The way a character is first described or shown in a book is very, very important. Note that even if the character isnít on screen, an author can still create a first impression.
For example, how many times have we seen this? ďAll of London was agog with the notion that the scandalous Lord Wrothington was finally returning from the land of the savages.Ē
All the rest of the character follows on that initial moment when the reader is introduced to the character. In the Godfather movie, the initial opening is pardon the pun, picture perfect. The Godfather is shown as a man of honor, who elicits respect from the people who come to him seeking favors. He rights wrongs that the ordinary system of justice cannot.
Michael shows up late to his sisterís wedding -- in uniform. While all the other guests are in suits, he is a man isolated. He even tells his date: ďThatís my family, thatís not me.Ē
And then we see Sonny, the philandering son, having a quickie affair with the bridesmaid at the wedding.
Each of these characters is introduced in a very deliberate manner. The Godfather is a heroic character in the opening, strange when you realize that heís a mobster. The opening of the Sopranoís opens with Tony Soprano not as a mobster, but as a suburban man having a panic attack.
In Doreenís post in the Lesson 1 thread, I mentioned the Indiana Jones example. Jones is shown first as an adventurer, using his whip to fight his way through the cave and the jungle. We see brains, courage, and a little artifact-lust before the next scene opens with tweedy professorial Dr. Jones. If those two scenes had been reversed, would you have bought the premise of adventurer Jones?
When I first wrote my historical, Touched By Fire, there was no prologue. It opened with the hero, an adult, angry at being manipulated and very much determined to have his own way in life. There is a big secret later on that gets revealed, and the editor didnít buy the secret. She told me the hero was too strong to have that be true. So, I revised the manuscript, and started the book with a prologue that shows the hero as a kid, watching his father hang and worry that this is his fate as well. After I wrote the prologue, no one doubted the heroís secret anymore.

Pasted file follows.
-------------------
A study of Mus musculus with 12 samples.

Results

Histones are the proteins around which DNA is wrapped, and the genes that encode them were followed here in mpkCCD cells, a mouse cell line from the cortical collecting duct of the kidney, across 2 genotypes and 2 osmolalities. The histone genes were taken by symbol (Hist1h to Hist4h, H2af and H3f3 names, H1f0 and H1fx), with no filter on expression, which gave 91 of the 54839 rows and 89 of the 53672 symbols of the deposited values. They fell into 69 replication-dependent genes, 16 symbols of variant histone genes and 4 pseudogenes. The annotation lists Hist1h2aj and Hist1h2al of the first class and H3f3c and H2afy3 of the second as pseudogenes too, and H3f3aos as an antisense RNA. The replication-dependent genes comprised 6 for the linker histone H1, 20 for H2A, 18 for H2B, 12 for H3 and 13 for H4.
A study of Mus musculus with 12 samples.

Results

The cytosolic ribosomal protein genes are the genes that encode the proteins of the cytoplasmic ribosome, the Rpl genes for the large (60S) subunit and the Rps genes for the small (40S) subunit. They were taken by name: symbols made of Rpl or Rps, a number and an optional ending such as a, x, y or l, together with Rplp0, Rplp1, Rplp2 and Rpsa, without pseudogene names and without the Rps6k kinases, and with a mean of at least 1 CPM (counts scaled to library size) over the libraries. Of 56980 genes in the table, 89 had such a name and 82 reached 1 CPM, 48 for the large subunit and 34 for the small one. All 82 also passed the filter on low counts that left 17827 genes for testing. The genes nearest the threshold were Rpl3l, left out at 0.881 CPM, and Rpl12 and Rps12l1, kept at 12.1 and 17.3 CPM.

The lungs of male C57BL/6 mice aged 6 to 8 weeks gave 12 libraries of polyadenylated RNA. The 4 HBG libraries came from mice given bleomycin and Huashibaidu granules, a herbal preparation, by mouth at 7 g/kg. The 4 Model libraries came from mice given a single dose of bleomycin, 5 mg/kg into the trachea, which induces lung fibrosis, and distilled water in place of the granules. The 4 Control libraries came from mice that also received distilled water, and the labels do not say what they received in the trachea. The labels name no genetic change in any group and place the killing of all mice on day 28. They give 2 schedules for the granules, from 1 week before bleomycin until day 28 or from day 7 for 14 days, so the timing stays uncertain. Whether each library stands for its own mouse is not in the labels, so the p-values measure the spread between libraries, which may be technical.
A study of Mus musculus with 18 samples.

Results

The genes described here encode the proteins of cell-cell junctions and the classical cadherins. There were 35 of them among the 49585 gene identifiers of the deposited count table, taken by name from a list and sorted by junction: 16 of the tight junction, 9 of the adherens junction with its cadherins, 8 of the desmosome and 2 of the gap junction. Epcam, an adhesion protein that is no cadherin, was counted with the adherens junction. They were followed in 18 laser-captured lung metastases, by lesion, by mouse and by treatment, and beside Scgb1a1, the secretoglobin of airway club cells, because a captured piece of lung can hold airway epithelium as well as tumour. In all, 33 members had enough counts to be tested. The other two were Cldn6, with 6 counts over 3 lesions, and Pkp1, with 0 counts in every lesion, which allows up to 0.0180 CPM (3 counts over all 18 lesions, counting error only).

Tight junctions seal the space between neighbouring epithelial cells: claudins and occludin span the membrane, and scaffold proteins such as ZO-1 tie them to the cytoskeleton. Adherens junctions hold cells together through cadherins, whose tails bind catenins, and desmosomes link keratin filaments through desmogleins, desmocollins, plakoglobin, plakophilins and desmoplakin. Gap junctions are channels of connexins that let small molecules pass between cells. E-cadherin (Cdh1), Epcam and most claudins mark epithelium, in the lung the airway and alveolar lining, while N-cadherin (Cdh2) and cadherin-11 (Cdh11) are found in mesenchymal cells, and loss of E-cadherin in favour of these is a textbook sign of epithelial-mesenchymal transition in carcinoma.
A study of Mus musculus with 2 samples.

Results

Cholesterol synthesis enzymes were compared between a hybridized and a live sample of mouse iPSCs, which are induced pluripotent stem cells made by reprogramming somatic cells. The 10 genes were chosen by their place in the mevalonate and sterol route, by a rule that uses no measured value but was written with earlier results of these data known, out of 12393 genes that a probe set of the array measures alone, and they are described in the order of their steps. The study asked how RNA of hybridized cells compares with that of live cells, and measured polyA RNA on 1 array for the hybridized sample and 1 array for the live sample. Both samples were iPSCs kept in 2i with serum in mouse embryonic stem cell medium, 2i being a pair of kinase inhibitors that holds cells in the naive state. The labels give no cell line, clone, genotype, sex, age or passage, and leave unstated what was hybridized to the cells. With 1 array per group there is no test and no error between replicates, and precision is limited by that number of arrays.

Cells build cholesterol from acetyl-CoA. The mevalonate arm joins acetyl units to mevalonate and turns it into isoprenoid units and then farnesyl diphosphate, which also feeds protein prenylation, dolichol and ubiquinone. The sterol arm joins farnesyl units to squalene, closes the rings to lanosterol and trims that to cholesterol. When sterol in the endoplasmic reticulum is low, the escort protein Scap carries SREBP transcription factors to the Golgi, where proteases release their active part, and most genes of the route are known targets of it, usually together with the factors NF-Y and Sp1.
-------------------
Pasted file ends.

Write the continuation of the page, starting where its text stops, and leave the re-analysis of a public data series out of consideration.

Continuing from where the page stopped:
First impressions are key for your heroine. She can feel real and flawed, but the reader really needs to see some traits in her that make them root for her or want to like or admire her. In the book, Dangerous Men and Adventurous Women, Laura Kinsale writes an essay on the reader as a placeholder, saying that the readers puts herself in the book as the heroine. I used to poo-poo that theory all over the place. ďI donít want to be the heroine,Ē I would proclaim, but then I began to notice the books that I didnít want to read. Books where the heroine is too far removed from myself. Yes, I know that I can be a super cop (see Eve Dallas), as long as I screw up sometimes and am cranky with people. Sure I could be Jessica Trent. I can be a geeky spinster capable of doing whatever it takes to take care of my family. Itís not exactly that I *become* them, more than I can see myself making those same choices and can wholly identify with the character.
With the hero, life is a lot simpler. The hero can be stubborn, arrogant, even dishonest or a whoredog, but as long as there are women in the world who love him, or men who admire him, or we see the vulnerability inside him, then we readers will forgive him almost anything.
So thatís all on first impressions. If youíre getting comments on your manuscript that the character is unlikable or isnít who you had imagined them to be, reread the first appearance (or first time they are talked about, whichever comes first) and see if you canít spot the problem. I remember in one book, my editor told me that she didnít like the hero and I couldnít figure out why. She kept referring to one scene, but there was nothing awful in the scene, he was very much a guy-guy, but then I found the *one line of internal narrative* that was hitting her wrong. I changed *one line of internal narrative* and after that, she loved him. Please note that she never pointed to that one line, because most people canít point to a specific problem if something is not majorly off. Only when it ticks them majorly off can they say *THERE! FIX THAT!*.